For my first contentful post, I thought I’d do a quick runthrough of how I remapped keys in vim to enable moving around more easily.
If you’ve used vim for any length of time, you’re probably aware of
<Leader>. In short, it’s a keymap variable which can be set with
let mapleader= in your vimrc. By default, it’s set to backslash. Map commands can then use
<Leader> to define mappings using that variable. If
mapleader is later redefined, it does not change the mappings already defined.
When I first began customizing my vimrc, I thought that this would be a good key to use for quick keystrokes, but found that plugins would often tromp all over the Leader mappings. I found myself having notable lag after entering what I’d intended as a quick command, which was vim waiting to see if I’d complete an ambiguous Leader map.
Of course, you can tune the timeout. You can also rearrange things such that plugins have one Leader and your own mappings have a different one. It’s this last which made me realize that I didn’t really want to use Leader. I just wanted a key I could press before others which would be otherwise unused and give me access to the things I do all the time.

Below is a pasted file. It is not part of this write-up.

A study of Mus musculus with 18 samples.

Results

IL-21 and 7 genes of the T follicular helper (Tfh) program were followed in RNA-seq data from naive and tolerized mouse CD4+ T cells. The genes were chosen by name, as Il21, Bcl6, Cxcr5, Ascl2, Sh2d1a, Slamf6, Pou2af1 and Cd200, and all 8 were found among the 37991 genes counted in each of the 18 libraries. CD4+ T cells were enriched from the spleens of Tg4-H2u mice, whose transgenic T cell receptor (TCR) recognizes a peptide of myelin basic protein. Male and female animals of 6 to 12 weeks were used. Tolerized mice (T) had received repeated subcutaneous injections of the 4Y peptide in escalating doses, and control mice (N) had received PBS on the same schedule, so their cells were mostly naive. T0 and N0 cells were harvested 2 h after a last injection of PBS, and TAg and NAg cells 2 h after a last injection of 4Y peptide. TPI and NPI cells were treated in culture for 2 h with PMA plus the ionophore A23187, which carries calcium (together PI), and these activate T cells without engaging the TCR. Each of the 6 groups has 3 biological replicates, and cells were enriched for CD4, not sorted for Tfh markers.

So instead, I just used
<Space>. I’d previously set mapleader to space, but let it revert back to backslash when I decided that I wanted to separate Leader from my own quick commands.
So, here’s a basic set of the commands I ended up mapping.
Now, for some of these (all of the window motion ones), it seems like my remapping shouldn’t be that much faster. It does, however, prevent you from having to reach over to press control. You can leave your fingers all in the home position, and just tap two keys in quick succession. Once muscle memory sets in, it’s basically instant, because your fingers are already on those keys. If you spend all day opening and closing splits and moving around between them, optimizing this tiny thing does make a difference.
It’s worth noting that if you want to use the buffer cycling, you’ll also neet
set hidden so that vim will allow you to cycle away from buffers which may not have been saved. (By default it tries to close buffers if they aren’t visible anymore.)
<silent> you see with the split and q commands? I put that there because otherwise, ‘sp’ and ‘q’ respectively end up sitting at the bottom of your screen until something else takes them away, and that bothers me.
I have several others of these quick commands, but they mostly rely on plugins, which I’ll get to in another post.